1 - 12 of 96 results
Modeling the Structure of DNA

In this activity, students build a paper model of DNA and use their model to explore key structural features of the DNA double helix. This activity can be used to complement the short film The Double Helix.

Inheritance and Mutations in a Single-Gene Disorder

This activity builds on information presented in the short film Genes as Medicine. Students interpret actual pedigrees to determine the inheritance pattern of Leber congenital amaurosis (LCA), an inherited form of blindness.

Photosynthesis

This multipart animation series explores the process of photosynthesis and the structures that carry it out.

“Fixing” Gene Expression

In this hands-on activity, students review the steps of eukaryotic gene expression and learn how this knowledge can be used to treat different genetic conditions. The activity reinforces concepts covered in the Click & Learn “Central Dogma and Genetic Medicine.”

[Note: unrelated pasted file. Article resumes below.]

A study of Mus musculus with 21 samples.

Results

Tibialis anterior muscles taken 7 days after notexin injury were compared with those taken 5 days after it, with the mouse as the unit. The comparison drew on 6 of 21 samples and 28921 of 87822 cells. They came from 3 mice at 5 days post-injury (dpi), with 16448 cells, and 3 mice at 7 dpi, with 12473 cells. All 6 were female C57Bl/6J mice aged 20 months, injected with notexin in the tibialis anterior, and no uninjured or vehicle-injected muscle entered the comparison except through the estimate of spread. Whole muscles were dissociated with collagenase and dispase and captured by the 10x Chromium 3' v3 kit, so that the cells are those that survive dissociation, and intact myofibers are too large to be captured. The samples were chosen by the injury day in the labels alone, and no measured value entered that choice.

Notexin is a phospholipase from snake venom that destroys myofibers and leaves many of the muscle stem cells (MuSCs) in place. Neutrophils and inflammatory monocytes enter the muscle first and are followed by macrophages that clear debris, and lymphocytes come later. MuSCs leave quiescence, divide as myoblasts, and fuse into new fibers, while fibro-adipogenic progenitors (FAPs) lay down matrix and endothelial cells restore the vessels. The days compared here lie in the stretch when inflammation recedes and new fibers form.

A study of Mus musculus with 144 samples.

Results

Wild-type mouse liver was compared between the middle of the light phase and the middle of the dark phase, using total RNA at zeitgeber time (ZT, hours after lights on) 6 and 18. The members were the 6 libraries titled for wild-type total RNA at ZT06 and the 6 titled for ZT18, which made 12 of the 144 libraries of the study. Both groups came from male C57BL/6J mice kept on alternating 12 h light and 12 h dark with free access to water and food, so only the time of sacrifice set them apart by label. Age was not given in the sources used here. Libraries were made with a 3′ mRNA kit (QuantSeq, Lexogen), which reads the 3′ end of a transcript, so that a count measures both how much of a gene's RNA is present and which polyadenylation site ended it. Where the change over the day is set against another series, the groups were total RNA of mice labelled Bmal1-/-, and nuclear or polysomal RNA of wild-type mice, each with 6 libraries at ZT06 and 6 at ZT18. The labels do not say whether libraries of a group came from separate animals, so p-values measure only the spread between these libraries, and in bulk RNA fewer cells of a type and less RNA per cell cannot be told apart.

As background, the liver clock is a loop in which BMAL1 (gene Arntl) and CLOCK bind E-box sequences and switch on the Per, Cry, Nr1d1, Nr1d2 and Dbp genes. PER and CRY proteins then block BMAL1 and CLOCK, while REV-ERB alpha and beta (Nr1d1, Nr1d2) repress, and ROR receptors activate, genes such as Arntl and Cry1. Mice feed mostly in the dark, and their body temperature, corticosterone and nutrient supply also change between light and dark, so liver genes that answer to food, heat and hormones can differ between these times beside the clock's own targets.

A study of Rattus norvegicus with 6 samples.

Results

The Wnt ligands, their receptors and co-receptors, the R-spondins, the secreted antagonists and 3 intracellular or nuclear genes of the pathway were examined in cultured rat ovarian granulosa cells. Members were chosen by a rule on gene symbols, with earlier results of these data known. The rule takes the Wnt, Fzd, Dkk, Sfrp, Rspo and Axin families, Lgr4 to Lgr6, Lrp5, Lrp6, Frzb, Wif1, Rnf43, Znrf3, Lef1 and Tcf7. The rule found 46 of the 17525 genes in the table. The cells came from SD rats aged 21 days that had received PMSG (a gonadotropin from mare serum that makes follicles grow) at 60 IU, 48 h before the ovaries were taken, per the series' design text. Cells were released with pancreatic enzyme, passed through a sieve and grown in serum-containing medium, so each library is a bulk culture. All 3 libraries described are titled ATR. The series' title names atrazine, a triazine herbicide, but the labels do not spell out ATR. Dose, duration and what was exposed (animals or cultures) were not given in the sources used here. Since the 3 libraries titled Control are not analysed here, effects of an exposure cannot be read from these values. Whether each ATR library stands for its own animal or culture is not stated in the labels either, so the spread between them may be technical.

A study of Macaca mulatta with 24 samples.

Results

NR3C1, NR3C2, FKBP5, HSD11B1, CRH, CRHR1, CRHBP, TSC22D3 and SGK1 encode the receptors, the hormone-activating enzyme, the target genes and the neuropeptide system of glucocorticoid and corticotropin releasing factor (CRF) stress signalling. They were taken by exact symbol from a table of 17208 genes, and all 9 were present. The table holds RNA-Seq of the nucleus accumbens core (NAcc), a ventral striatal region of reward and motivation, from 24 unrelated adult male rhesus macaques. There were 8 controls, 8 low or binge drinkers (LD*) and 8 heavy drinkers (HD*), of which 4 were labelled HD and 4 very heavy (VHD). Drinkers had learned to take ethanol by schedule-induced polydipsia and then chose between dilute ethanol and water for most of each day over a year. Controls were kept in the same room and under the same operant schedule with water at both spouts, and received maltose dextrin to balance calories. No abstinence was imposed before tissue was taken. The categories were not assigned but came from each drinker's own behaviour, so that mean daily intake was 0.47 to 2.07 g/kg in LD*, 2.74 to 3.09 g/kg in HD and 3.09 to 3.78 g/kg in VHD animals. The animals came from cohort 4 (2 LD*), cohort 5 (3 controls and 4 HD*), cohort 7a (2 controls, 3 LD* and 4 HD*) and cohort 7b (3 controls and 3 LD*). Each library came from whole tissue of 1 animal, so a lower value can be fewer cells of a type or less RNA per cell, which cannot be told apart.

Activity for Genes as Medicine

This activity explores the content and research presented in the short film Genes as Medicine, which tells the story of how scientists succeeded in developing a gene therapy for a type of congenital blindness.

Genes as Medicine

This film describes the scientific principles and the research efforts involved in the development of a gene therapy for a congenital form of blindness, and how a young patient benefited from this medical breakthrough.

Epidemiology of Nipah Virus

This activity complements the video Virus Hunter: Monitoring Nipah Virus in Bat Populations. Students explore cases of Nipah virus infection, analyze evidence, and make calculations and predictions based on data.

Central Dogma and Genetic Medicine

This interactive module uses the central dogma as a model for exploring how modern molecular biology technologies can be used to treat different genetic conditions.

Viral Lysis and Budding

This activity outlines two demonstrations that model how enveloped and nonenveloped viruses are released from infected cells.

HIV Receptors and Co-receptors

This demonstration models the first step of the HIV life cycle: the binding of HIV envelope proteins to receptors on human helper T cells.